As well as the 95% rent hike, Crown Estate Scotland (CES) is also removing an Outer Islands Discount given to salmon farmers, and introducing what farmers say are significant charges associated with nursery farms and for those farms where there is no harvested production.
Combined, it is understood that the CES measures could represent a tripling of rent costs for some companies.
Salmon Scotland, which represents all of the country’s salmon farmers, wants any decision on a rent rise to be made after the publication of a Scottish government-commissioned report by Professor Russel Griggs looking at the regulatory aspect of the industry as a whole. That report is due within the next few weeks.
“Scotland’s salmon sector, employing 2,500 direct jobs in coastal and island communities, is very disappointed by Crown Estate Scotland’s arbitrary and totally unjustified decision to almost double rents on salmon farms,” said Salmon Scotland chief executive Tavish Scott in a press release.
“CES presumably now see salmon like offshore wind – a cash cow to be exploited.
“We are today asking Cabinet Secretary Mairi Gougeon to halt this rise until the independent review of regulation is published, and Government assess Professor Russel Griggs’ recommendations.
Fish farm site rents in Scotland are based on the volume of fish produced, with the current rate being £27.50 per tonne of fish sellable. The changes will enforce a new scheme that bases the rent on overall market value produced by a site, including non-productive market leases such as nursery sites of those being fallowed for a longer than normal period.
The Outer Islands discount is a 10% discount applied to all leases in these areas. It was in place because of the noticeable cost of transporting fish from these areas to market (Shetland to Aberdeen for example) and this price reduction helped with that disadvantage against the rest of Scotland.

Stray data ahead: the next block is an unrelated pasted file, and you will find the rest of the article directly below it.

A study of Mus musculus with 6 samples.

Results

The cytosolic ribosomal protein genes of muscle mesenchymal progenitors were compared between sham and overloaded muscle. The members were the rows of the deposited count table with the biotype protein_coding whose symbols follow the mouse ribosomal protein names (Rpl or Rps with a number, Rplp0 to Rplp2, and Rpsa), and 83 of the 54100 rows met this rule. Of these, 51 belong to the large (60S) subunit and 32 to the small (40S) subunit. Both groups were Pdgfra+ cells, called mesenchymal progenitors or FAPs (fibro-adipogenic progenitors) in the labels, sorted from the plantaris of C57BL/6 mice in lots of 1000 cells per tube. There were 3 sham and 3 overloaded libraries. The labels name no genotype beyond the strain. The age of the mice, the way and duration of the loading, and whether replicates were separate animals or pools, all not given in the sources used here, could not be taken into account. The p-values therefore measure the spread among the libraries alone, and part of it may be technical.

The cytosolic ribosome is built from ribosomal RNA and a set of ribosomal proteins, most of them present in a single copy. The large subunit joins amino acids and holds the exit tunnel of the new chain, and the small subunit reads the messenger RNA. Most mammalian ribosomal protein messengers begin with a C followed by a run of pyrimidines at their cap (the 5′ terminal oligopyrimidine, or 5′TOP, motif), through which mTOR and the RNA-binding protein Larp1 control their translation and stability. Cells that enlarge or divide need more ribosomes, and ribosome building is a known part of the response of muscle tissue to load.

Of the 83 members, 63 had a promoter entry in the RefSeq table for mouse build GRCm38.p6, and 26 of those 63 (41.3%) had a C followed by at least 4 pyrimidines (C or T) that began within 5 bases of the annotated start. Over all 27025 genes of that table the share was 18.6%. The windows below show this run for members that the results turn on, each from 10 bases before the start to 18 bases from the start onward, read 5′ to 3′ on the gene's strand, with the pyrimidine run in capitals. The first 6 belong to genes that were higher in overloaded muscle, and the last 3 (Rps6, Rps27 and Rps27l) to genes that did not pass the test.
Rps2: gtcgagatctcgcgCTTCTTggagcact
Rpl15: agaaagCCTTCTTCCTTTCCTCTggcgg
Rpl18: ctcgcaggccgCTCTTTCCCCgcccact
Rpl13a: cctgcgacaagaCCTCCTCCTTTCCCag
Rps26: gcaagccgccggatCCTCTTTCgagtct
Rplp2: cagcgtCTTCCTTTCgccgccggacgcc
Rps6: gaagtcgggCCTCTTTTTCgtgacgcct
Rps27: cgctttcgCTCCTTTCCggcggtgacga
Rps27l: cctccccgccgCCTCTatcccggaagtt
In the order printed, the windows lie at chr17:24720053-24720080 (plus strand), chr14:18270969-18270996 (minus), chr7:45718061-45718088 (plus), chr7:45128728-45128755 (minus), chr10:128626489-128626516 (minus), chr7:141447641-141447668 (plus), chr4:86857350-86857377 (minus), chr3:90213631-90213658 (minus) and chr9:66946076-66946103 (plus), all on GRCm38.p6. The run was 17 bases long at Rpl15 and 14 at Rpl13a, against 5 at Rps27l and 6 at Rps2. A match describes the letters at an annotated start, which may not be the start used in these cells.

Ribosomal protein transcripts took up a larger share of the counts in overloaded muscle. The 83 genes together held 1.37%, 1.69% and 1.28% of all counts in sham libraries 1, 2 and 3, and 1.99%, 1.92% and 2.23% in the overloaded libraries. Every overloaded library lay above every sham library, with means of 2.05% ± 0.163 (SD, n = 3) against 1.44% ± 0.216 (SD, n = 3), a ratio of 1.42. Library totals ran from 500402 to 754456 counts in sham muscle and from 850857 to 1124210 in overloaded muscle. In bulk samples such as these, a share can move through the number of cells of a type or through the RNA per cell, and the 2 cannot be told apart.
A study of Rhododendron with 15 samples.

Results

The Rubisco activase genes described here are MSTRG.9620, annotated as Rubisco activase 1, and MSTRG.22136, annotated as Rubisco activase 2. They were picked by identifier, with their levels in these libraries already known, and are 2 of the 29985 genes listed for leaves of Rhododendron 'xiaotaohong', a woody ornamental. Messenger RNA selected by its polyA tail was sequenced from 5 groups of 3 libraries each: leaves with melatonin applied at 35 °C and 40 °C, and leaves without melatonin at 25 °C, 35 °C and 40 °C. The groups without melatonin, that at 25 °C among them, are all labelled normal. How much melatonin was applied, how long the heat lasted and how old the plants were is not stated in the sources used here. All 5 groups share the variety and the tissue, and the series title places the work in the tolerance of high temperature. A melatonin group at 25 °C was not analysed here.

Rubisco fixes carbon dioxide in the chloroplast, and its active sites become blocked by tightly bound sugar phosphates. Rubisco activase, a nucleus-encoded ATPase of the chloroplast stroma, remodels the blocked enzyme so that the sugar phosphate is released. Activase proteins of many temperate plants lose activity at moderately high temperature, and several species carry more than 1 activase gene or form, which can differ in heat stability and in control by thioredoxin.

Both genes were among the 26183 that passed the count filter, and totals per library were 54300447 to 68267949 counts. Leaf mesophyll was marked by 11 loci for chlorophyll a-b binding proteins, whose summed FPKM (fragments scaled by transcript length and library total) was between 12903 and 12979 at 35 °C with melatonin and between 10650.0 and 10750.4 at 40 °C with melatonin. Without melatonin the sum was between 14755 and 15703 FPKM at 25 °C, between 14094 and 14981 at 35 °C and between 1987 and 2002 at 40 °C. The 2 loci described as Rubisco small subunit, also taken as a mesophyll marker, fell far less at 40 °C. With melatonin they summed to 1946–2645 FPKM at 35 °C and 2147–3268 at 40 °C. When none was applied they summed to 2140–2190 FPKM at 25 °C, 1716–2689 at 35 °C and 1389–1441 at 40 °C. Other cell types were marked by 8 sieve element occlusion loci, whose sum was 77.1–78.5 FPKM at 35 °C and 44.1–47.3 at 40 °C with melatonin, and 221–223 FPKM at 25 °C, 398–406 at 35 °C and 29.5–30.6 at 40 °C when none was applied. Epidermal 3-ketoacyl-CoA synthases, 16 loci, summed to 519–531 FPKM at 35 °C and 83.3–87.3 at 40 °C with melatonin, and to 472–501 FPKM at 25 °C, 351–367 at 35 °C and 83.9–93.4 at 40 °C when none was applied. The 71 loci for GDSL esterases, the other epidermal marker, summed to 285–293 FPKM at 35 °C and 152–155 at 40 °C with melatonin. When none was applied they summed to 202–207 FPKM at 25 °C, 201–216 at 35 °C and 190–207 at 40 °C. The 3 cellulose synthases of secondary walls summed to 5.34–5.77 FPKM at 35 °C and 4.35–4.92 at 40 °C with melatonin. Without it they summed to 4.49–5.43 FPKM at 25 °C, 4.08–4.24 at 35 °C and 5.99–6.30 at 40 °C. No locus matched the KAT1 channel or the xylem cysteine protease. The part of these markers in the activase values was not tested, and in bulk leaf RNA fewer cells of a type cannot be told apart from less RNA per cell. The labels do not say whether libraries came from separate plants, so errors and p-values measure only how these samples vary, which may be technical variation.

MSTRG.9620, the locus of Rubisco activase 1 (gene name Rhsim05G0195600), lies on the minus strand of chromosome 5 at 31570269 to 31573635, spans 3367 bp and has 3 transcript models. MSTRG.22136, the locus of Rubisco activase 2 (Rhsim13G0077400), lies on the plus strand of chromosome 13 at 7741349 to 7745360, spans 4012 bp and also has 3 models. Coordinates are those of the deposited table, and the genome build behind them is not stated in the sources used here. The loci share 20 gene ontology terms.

The logic in removing the discount is contested by the sector given that this disadvantage will still remain despite the rent calculation being based on value of a site rather than production tonnage.
£20m in five years
“Our members have paid more than £20 million into CES over the last five years – a charge which is set to almost double under this new framework.
“Scotland’s salmon farmers would be more likely to accept such a steep increase if they could see the benefit in terms of local investment of these charges. But, despite requests, CES have failed to give any indication as to how – or even if – this extra money will actually be used to help local people in the areas where it is raised.”
In his letter to Gougeon, Scott accused Crown Estate Scotland of dismissing arguments put forward by the sector as emotional positions, and of implying that the number of responses to its consultation about the rent rise was low.
“Having consulted with our members, we submitted a response on behalf of our industry,” wrote Scott. “Our response was submitted with a wide-ranging consideration of the impacts on our businesses – which can have knock-on impacts to our people, communities and sustainability. These issues are particularly acute in our more remote locations and islands where costs are planned to increase further. Again, I am very disappointed that CES would seek to dismiss our industry in this way.”
The letter can be read in full here.
This review was essential to ensure that we keep up with the pace of an ever-changing sector.
In a news article on its website today, Crown Estate Scotland said the rent rises followed a “root and branch” review and would ensure rents fully reflect market value, drive sustainable performance, and incentivise effective use of the seabed as a shared resource.
Alex Adrian, aquaculture operations manager at Crown Estate Scotland, said: “This review was essential to ensure that we keep up with the pace of an ever-changing sector.
“Aquaculture businesses sustain jobs in some fragile, remote communities and their operations impact the environment. We want to ensure that, in line with legislation, sustainable development is the core principle underpinning seabed leasing.”
Consistently strong salmon prices
Some of the key changes include an increase in fees for finfish tenants (as a percentage of turnover), which CES said will reflect “the consistently strong prices for salmon alongside a revised rent determination process that can better reflect market behaviour”.
For shellfish tenants, rent remains the same other than an increase in minimum rents.
All tenants will be required to report on management of plastic used on the leased area.
Changes to lease terms will come into effect in phases, starting in January 2023.